Ann Widdecombe on Climate Change

Total Politics Magazine has interviewed Ann Widdecombe. Of note was the views expressed on climate change.


It so happens that I know that an awful lot of people in our party – and by that I mean a lot – are deeply unhappy with the way that we’ve signed up apparently quite blindly to the climate change agenda. It isn’t that they don’t want sensible things like recycling, it isn’t a silly rebellion. But there is a deep unease that we’re rushing in virtually to a theology: those who asked questions are ‘deniers’. The language is theological. We’re rushing in to what has become a theology imposed by the equivalent of what has become the mediaeval church and that nobody’s allowed to question it. And that even by questioning it, you’re doing the world a massive disservice and bringing it under perdition.


For those conservatives who share that unease, here are some basic points that may help get the issue in perspective.


  1. The rise in  temperatures over the past century of 0.70C is nothing unusual in the climate since the last ice-age. For much of the Roman Period 250 BC to 450 AD and the Medieval Period (900 to 1300) there is considerable evidence that temperatures were warmer than today. The view that recent temperatures are the highest in many thousands of years (held by the UN IPCC and Al Gore) is based on a single, now-discredited paper. (Shorter, but older, statement here) If there is nothing unusual historically in the recent rise in temperatures, then it is unlikely mostly or entirely by anthropogenic factors. If this is the case, then reducing carbon emissions is a waste of time.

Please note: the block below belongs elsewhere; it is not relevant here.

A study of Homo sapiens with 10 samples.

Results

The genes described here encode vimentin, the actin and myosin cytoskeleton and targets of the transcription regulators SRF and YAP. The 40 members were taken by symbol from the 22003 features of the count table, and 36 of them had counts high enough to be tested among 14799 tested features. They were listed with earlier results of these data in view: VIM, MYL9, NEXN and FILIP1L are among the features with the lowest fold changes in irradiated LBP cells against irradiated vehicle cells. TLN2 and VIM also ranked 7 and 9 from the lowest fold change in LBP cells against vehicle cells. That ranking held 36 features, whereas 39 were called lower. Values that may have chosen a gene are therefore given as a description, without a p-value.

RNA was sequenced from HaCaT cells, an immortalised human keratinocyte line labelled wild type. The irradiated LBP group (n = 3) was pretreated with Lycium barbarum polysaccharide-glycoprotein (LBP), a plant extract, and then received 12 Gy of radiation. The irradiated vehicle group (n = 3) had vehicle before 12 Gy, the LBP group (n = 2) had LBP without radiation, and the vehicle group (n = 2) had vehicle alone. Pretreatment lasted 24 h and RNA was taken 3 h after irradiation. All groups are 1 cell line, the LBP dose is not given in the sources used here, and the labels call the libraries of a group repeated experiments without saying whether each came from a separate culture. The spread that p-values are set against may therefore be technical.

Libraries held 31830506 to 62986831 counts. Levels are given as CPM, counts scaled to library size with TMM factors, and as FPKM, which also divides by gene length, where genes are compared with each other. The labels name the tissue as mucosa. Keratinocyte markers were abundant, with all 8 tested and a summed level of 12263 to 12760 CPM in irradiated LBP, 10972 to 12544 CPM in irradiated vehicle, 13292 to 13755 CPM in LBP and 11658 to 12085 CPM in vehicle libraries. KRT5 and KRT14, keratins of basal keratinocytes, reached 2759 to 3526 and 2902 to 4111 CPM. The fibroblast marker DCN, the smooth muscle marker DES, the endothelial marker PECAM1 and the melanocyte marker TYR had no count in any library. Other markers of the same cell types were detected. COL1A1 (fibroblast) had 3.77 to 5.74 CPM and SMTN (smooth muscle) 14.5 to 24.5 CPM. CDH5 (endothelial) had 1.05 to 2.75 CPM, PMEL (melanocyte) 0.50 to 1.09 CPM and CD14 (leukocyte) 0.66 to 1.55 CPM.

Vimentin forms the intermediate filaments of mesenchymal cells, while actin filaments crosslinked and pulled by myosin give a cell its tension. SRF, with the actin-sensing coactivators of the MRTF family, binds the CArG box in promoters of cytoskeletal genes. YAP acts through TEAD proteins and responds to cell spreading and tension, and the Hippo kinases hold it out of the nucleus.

2. The UN IPCC forecasts that the warming will accelerate is based on positive feedback. That is the small rise in temperatures already experienced (0.70C) will cause a much larger rise in temperatures in the future (predicted to be 2 to 4.50C this century). This view is not supported by actual evidence. See here. If there is no sign runaway warming, then there is no need to panic about drastic action now. Rather we should revise our long-term forecasts downwards.
  3. There is a certain bias in

i)                    The collection of temperature data, meaning recent warming has been overstated (most recent discussion see here)

ii)                   Reporting the news when it supports the consensus, but not when it does not (e.g. Antarctic warming, hurricanes and Himalayan glacier melt.)

iii)                 Political spin in the presentation of the data. For instance ehe IPCC’s 4th assessment report of 2007, instead of saying that warming had paused (or ceased) this century said “Eleven of the last twelve years (1995-2006) rank among the twelve warmest years in the instrumental record of global surface temperature (since 1850).” (page 30 Col 1)


 In other words, far from “the science being settled” there are huge questions that must be answered. Before a new drug is launched we ask that tests should be independently verified. If a doctor gives us a diagnosis that we do not think is right we get a second opinion. If someone calls at the door saying “Your roof is about to cave in, but I can replace it for you bargain price of £20,000 if you let me start tomorrow” we would normally see through it and get an alternative opinion from an independent surveyor.


Ann Widdecombe may be overstating her case, but we need the alternative voices to be heard, so that between the extremes of Global Warming Alarmists and Climate Change Deniers, we get an honest assessment and realistic policy.